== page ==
What’s in a name? Probably a lot more than Bill Bard would have us
believe - and there were some very severe criticisms, not least in this
magazine, of WPP’s decision to light on MindShare as the tag for its
group media operation. Some thought it too ’tree-hugging’, too
California think-tank; others read even more sinister connotations (or
should that be second-order semiological signification?) of brainwashing
and Moonie-like cultism into it.
Many Pooler, the managing director of MindShare UK, will be getting sick
of this sort of thing. She will recall only too well the howls of
derision that greeted the relaunch of O&M Media as the Network; but that
wasn’t as bad as the sniggers that Jim Marshall, chief executive of
MediaVest, has suffered in recent months. Yet it has stung MediaVest
into producing the best in-house ad the media sector has seen.
Do names really matter? Are they important in differentiating media
companies as brands? Media specialists have a different history to the
rest of the industry when it comes to names. Almost without fail,
full-service agencies had the owners’ names, or their initials, above
the door. That’s not just to do with monumental ego problems: the
personalities of the principals were usually the main - or only - brand
values an agency had to offer.
Granted, Chris Ingram & Associates was one of the first media
independents - now CIA, of course - but generic names were big even in
the early days of the media sector. The Media Department became TMD and
then TMD Carat.
Until recently, everyone was a Media Whatsits of some form or another -
including, eventually, CIA MediaWhatsits.
But media’s equivalent of music’s ’concept album’ phase has been
creeping up on us for many years. This is largely to do with the fact
that media dependants are spin-offs of agency media departments and are
still agency owned, so putting the media director’s name above the door
is not really appropriate.
Thus the road that began with Carat (as in gold standard) led to
Initiative (as in gumption), Zenith (as in ’we’re the biggest in the
business’) and inexorably to Share of Mind. Is that better or worse than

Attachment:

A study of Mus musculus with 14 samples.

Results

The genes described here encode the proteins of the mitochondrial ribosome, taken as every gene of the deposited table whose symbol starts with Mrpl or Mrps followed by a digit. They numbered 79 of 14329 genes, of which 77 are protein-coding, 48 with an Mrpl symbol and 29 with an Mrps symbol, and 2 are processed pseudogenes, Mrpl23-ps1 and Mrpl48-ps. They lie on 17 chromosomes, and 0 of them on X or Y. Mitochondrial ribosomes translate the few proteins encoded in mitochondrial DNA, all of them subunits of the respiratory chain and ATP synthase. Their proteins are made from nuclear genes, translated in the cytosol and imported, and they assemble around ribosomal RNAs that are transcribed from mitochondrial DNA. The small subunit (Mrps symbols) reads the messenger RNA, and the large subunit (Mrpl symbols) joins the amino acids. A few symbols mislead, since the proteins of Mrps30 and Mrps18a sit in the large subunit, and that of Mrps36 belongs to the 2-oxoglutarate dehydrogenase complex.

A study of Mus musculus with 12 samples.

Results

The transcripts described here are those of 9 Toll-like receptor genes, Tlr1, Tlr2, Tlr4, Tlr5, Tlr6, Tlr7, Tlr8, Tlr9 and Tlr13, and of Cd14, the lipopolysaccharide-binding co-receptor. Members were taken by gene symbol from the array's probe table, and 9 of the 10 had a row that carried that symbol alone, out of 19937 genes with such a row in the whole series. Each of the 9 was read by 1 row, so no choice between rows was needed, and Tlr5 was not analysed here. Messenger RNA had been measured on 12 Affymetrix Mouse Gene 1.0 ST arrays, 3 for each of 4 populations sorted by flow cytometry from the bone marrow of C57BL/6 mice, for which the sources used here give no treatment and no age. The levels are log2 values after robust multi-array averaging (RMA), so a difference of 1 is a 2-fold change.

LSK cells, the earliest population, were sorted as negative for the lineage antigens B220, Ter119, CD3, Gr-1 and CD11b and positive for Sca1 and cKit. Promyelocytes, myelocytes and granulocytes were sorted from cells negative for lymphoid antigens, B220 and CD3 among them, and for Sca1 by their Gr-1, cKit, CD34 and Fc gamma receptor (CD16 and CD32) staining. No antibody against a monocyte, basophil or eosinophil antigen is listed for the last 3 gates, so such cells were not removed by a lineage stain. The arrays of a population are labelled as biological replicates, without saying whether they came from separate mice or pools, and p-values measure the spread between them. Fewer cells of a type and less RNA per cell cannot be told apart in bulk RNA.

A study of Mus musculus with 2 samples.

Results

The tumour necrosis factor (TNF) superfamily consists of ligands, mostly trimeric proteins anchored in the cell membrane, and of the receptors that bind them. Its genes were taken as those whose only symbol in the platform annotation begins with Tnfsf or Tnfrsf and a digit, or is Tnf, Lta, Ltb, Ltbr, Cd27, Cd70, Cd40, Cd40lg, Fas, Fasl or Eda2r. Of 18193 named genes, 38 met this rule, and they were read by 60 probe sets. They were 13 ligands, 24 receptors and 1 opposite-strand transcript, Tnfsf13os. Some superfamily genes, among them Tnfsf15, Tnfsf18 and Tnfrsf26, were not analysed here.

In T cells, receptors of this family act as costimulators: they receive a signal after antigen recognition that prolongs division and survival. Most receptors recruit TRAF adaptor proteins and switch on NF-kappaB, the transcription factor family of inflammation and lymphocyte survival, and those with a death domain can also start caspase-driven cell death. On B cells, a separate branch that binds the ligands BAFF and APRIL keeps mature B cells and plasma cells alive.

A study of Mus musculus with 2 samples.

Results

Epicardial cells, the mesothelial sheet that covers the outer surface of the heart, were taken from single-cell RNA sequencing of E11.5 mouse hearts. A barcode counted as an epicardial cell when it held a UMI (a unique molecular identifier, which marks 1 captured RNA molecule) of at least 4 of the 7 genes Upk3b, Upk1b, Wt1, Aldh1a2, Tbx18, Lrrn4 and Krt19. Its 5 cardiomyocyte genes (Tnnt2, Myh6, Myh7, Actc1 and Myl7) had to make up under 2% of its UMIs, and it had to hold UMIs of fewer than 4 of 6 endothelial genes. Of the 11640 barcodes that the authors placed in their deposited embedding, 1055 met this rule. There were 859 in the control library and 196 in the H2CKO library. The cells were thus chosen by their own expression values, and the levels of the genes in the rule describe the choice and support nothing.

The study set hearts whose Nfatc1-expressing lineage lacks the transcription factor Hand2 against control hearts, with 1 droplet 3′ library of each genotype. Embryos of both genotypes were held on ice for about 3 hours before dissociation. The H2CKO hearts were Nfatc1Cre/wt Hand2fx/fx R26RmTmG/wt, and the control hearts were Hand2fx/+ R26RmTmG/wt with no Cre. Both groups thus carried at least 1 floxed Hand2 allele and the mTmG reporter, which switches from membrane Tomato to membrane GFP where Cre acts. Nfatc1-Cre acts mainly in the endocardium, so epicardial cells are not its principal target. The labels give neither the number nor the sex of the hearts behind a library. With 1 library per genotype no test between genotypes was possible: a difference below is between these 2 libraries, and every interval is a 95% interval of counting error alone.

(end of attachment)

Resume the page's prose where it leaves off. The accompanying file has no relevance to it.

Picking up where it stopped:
The Advertising Agency Register now has a media specialist service. The
AAR managing director, Martin Jones, says that media companies don’t
have a great track record when it comes to differentiating themselves.
’They are getting better but clients know little about agencies. The
most successful media agencies are the ones that can be summed up in a
few words and the name is a good starting point but, in the end, the
performance of the company is paramount.’
David Abraham, the marketing director of St Luke’s, knows a thing or two
about names. Many in the industry thought St Luke’s was a dreadful name
when it was chosen a couple of years ago. It seems to have worked out.
He says: ’We spend all our time thinking about developing brands - our
vision was to do the same to ourselves and look at our company as a
business-to-business brand. Media companies should move away from those
generic names that no-one can distinguish.’
Mark Cranmer, the managing director of Motive Communications, says: ’We
are witnessing the birth of a new industry. As people bring media out of
the restrictive box it’s inhabited in the past, they tend not to want
the word ’media’ in the company title. I think MindShare is excellent.
The business these days is about just that - ensuring a share of mind -
and it will help the two WPP cultures - the Network and JWT - to come
together with a clear view of what their objective is.’